By Mucai Kunyiha
When we speak of a country’s competitiveness, we are looking at its ability to sustainably produce goods and services for which there is a market at a price and quality that their market is willing to pay for. Competitiveness may be local or regional and is now increasingly global as the Internet and global infrastructure allow for the almost seamless exchange of goods and services across continents.
Kenya has come a long way in terms of creating a conducive business environment that will nurture local industries and attract Foreign Direct Investment (FDI). Perhaps a conspicuous signifier of this is our recent ranking in the Global Ease of Doing Business at position 61, which is 12 places up from the previous year and 31 places from 2016.
However, Ease of Doing Business is a ‘necessary but not sufficient’ condition to improve growth and prosperity. This reminds me of a conversation on an East African country where you are able to register a business in hours ‘I can set up in hours, but then what do I sell? How do I make money?’ – this is a competitiveness question.
Global competitiveness is therefore crucial to industrialization and sustained productivity that will ensure a country’s capacity to provide productive jobs, decent wages and consequently a dependable social support system for its population. Competitiveness may be due to natural factors e.g. climatic conditions, physical location or geographic conditions. In some cases, competitiveness is built on the sheer will and determination of a nation without any such benefits, Japan and Singapore being examples of such power-houses that emerged despite, and some may argue because of, not having any physical or geographic advantage.
I would argue that the most potent form of global competitiveness is where natural factors are combined with will and determination to create powerhouses that are unbeatable. A classic example in our country is the floriculture industry where we have combined our location, weather and altitude with investment, both local and international, to create a world-beating industry, especially in cut roses.
Theoretically, in a liberalized economy, competitiveness is found and nurtured by the free market. Economic actors find and discover what the markets want and then compete to provide goods and services at a quality and price that is competitive. However, the State is today a major player in affecting competitiveness positively or negatively.
In a positive sense, the State can build infrastructure that eases movement of goods and people, educate the populace, provide healthcare, etc that affect the macroeconomic factors. Some states also directly affect competitiveness by giving tax breaks, rebates and other incentives to exporters etc. This can, however, provide perverse incentives and shield a country’s industrial sector from global markets and, ironically, reduce their global competitiveness.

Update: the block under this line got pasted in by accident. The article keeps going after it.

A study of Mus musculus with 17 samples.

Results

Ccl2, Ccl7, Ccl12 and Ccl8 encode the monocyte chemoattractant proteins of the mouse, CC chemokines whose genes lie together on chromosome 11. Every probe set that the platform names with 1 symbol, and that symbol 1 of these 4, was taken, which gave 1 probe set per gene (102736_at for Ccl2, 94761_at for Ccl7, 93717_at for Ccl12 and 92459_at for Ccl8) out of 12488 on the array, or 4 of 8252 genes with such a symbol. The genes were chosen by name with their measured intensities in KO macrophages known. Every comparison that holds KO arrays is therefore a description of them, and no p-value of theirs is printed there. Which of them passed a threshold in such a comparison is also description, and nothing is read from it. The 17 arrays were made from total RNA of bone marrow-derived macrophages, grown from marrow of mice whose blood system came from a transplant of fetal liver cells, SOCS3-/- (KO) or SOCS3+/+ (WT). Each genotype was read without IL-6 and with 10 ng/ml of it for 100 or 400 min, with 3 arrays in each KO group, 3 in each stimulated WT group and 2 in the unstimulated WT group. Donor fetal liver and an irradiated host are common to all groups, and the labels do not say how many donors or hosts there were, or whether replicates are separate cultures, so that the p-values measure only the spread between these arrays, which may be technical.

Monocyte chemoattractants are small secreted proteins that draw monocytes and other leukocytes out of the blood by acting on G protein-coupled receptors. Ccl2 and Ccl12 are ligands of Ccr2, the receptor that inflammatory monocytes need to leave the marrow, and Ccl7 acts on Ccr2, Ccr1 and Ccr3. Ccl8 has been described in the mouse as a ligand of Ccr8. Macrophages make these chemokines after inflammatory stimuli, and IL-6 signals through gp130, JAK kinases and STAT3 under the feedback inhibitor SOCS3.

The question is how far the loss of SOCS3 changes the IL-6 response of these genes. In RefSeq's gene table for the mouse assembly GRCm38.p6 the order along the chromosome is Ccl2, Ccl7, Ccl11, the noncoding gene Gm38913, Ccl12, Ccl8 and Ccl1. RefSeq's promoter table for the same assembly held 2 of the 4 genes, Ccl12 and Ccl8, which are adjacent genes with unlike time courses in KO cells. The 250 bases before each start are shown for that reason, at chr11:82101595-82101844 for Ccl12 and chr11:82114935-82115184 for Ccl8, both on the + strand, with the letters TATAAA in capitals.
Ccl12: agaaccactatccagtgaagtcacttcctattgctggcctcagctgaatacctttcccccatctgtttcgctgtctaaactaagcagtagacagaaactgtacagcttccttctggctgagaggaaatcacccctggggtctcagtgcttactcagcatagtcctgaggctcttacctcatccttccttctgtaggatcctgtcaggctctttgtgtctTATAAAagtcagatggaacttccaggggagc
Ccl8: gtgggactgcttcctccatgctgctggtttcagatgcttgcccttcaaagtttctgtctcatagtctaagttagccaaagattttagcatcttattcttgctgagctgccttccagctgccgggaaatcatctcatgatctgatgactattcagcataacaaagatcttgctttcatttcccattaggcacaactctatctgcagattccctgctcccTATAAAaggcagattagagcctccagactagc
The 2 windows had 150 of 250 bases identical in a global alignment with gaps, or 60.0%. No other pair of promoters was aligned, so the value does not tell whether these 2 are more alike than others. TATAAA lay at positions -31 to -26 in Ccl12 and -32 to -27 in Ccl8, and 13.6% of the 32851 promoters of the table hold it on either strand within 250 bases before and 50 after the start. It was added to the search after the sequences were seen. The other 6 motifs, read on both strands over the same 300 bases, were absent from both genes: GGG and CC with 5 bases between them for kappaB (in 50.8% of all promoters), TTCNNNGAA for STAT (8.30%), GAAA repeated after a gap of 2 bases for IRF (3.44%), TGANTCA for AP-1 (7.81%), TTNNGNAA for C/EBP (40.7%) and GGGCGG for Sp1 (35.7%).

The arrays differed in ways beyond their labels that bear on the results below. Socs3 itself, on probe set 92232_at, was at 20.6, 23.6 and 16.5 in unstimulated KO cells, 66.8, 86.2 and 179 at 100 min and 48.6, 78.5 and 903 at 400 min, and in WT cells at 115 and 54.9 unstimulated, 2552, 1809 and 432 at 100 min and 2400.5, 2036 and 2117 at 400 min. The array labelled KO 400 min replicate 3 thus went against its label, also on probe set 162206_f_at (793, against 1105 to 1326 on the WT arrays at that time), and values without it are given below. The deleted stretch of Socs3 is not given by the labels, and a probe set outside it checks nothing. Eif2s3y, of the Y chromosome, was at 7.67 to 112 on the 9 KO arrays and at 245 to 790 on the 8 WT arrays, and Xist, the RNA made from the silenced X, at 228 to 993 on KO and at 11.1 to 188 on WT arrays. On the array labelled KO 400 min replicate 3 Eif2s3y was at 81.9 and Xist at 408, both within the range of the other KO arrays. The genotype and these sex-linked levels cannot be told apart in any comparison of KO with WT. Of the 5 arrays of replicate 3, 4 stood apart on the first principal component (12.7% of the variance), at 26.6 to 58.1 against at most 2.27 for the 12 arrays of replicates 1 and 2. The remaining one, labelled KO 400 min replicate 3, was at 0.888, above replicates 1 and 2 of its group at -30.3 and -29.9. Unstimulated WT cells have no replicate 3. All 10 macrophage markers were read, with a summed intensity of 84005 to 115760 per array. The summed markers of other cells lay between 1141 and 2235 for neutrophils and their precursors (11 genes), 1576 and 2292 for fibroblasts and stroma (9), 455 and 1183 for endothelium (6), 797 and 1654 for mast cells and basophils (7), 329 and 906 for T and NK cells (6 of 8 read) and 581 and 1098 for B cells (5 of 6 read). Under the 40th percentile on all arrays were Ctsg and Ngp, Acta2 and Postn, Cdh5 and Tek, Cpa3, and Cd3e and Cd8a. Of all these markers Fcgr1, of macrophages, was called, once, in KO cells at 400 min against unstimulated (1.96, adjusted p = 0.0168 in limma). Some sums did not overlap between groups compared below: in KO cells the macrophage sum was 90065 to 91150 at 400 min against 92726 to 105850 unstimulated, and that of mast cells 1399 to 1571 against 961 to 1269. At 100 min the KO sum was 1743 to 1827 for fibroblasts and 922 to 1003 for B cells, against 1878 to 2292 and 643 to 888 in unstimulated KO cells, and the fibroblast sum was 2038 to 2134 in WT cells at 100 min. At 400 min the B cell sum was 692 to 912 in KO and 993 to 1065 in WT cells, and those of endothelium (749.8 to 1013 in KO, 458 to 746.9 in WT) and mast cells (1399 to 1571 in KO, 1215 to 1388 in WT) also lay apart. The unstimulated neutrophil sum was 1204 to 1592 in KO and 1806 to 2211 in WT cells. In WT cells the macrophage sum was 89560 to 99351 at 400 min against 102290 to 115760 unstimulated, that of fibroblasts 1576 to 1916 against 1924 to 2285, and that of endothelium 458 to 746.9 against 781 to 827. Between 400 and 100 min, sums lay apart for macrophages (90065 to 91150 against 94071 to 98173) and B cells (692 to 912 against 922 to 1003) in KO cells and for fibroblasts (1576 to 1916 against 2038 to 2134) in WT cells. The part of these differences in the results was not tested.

State action can also negatively affect competitiveness; taxation and lack of policy coherence can disincentivize investment in certain sectors or a country altogether. A major challenge is that whilst ‘all politics is local’ and reacts to local pressures, competitiveness is global and has no allegiances to nation or region – the money and the customers will move to where they can get the best value. Consequently, the government constantly needs to assess the impact on global competitiveness as we formulate and implement policies affecting manufacturing.
Labour policy is perhaps the best example that demonstrates the tensions between global competitiveness needs and local political issues. Whilst it is considered politically prudent to increase wages and limit the issuance of work permits to foreigners, the impact on productivity and global competitiveness can be dire in many industries. Ideally, wages ought to be pegged to productivity and firms ought to be able to acquire the best skills they can to enhance productivity, which would include some element of foreign staff.
Similarly, in agriculture, Kenya has spent billions of tax-payers funds attempting to revive moribund industries in sugar, meat and maize production yet in all three we have some of the highest prices in the world of the finished product and are no longer globally competitive. Hence it is possible for Brazilian eggs to be shipped across the seas and land cheaper in Nairobi than eggs from Thika – and our core question ought to be how come Brazil is more agriculturally competitive than we are?
So as we look at the Manufacturing Pillar of the Big 4 Agenda and our ambitions to grow manufacturing beyond 15% of GDP, our key question must be as simple as it is foundational – what can we make in Kenya today at a quality and price that is globally competitive?
The Writer is the Vice Chairman of Kenya Association of Manufacturers and can be reached on firstname.lastname@example.org.